Saturday Morning Post, Vol. 59

It’s a clear morning, and it’s cool. There are no clouds in the sky, except for thin ones low on the horizon, sitting behind the trees like mist. A crow calls. Bugs hum and chirp in the branches, making the air vibrate with sound, a reminder that it is in fact still summer, though it is beginning to feel like autumn.


Been thinking a lot lately about how we let other people define us. Someone recently said to me, “don’t let them have that kind of power over you.”

Don’t let that one person decide if you are good or bad at something. Don’t let that one person decide the trajectory of your whole life.

There are 7.9 billion people on the planet. Just one shouldn’t be able to tell you who you are.


So, if you’ve been keeping an eye on your calendar (or perhaps you live freely unrestricted by time), you may notice that November is coming up fast. Less than three months to be not very exact.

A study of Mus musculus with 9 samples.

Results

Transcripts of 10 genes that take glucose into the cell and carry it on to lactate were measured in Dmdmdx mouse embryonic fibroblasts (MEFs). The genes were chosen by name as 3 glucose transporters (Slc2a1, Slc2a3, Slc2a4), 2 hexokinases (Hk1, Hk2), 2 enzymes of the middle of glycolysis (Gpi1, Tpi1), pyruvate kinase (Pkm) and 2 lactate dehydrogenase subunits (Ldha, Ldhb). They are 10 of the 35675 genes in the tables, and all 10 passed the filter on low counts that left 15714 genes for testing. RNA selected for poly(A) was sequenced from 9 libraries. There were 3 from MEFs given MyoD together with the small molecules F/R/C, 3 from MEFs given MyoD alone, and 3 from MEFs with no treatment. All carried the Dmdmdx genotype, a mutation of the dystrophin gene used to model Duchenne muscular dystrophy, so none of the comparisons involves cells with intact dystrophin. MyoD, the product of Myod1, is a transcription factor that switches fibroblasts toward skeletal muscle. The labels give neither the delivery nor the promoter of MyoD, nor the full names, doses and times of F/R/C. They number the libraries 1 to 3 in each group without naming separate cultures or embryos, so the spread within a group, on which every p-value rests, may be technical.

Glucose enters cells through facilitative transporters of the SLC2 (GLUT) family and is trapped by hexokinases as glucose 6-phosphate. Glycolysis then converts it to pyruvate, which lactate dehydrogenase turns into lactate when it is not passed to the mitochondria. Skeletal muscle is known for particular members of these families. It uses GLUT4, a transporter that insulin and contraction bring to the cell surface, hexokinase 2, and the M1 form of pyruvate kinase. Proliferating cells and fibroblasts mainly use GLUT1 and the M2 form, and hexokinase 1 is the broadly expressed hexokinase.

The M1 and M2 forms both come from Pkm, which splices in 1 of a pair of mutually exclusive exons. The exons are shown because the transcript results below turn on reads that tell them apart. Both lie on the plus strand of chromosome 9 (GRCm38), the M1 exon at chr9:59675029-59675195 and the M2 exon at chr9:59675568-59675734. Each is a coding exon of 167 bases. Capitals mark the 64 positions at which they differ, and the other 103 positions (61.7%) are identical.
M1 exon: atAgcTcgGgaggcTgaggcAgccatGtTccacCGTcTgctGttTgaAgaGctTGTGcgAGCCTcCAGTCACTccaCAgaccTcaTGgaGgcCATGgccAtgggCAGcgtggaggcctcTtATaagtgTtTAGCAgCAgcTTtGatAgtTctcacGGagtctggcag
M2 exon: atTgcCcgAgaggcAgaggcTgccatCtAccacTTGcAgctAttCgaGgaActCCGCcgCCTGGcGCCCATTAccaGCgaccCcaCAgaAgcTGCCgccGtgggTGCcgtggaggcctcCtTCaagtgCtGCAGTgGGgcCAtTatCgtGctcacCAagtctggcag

Which means NaNoWriMo is on the horizon.

(I feel like when I say that word for the first time every year an alarm bell should go off or confetti should fall or emergency protocols be activated. Something.)

I’m sort of piddling with thoughts of what I want to do, but also trying to juggle querying soon (again), finishing editing a novel (that I will be querying), and there’s another novel that needs to be edited, and….yeah.

It made me think of how to know what story to start, or knowing when a story is ready to start, or knowing what to work on next.

Something any artist really struggles with: what project comes next? What project needs my focus?

If you’re contracted to do something, that makes it easier. Sometimes a particular goal in mind can help (like for me, getting an agent. I know what novels I want to lead querying with). But sometimes you’re just sitting there with all doors open. Blank paper, empty Word Docs that can be filled with anything you want.

Or can they?

Maybe that’s where we get so lost, so stuck in trying to decide. All options seem open, but they’re not. You can’t write what you can’t write.

All doors open isn’t the easiest. Too many options leave us stranded, standing in the overstocked toothpaste aisle, just wanting something that will clean our teeth and not taste like sand.

But maybe there aren’t that many doors open as we think. Maybe all options aren’t on the table. We can’t do what we can’t do and we can’t want what we don’t want. So that narrows it down a bit.

You can’t just start writing any story, it has to be the one.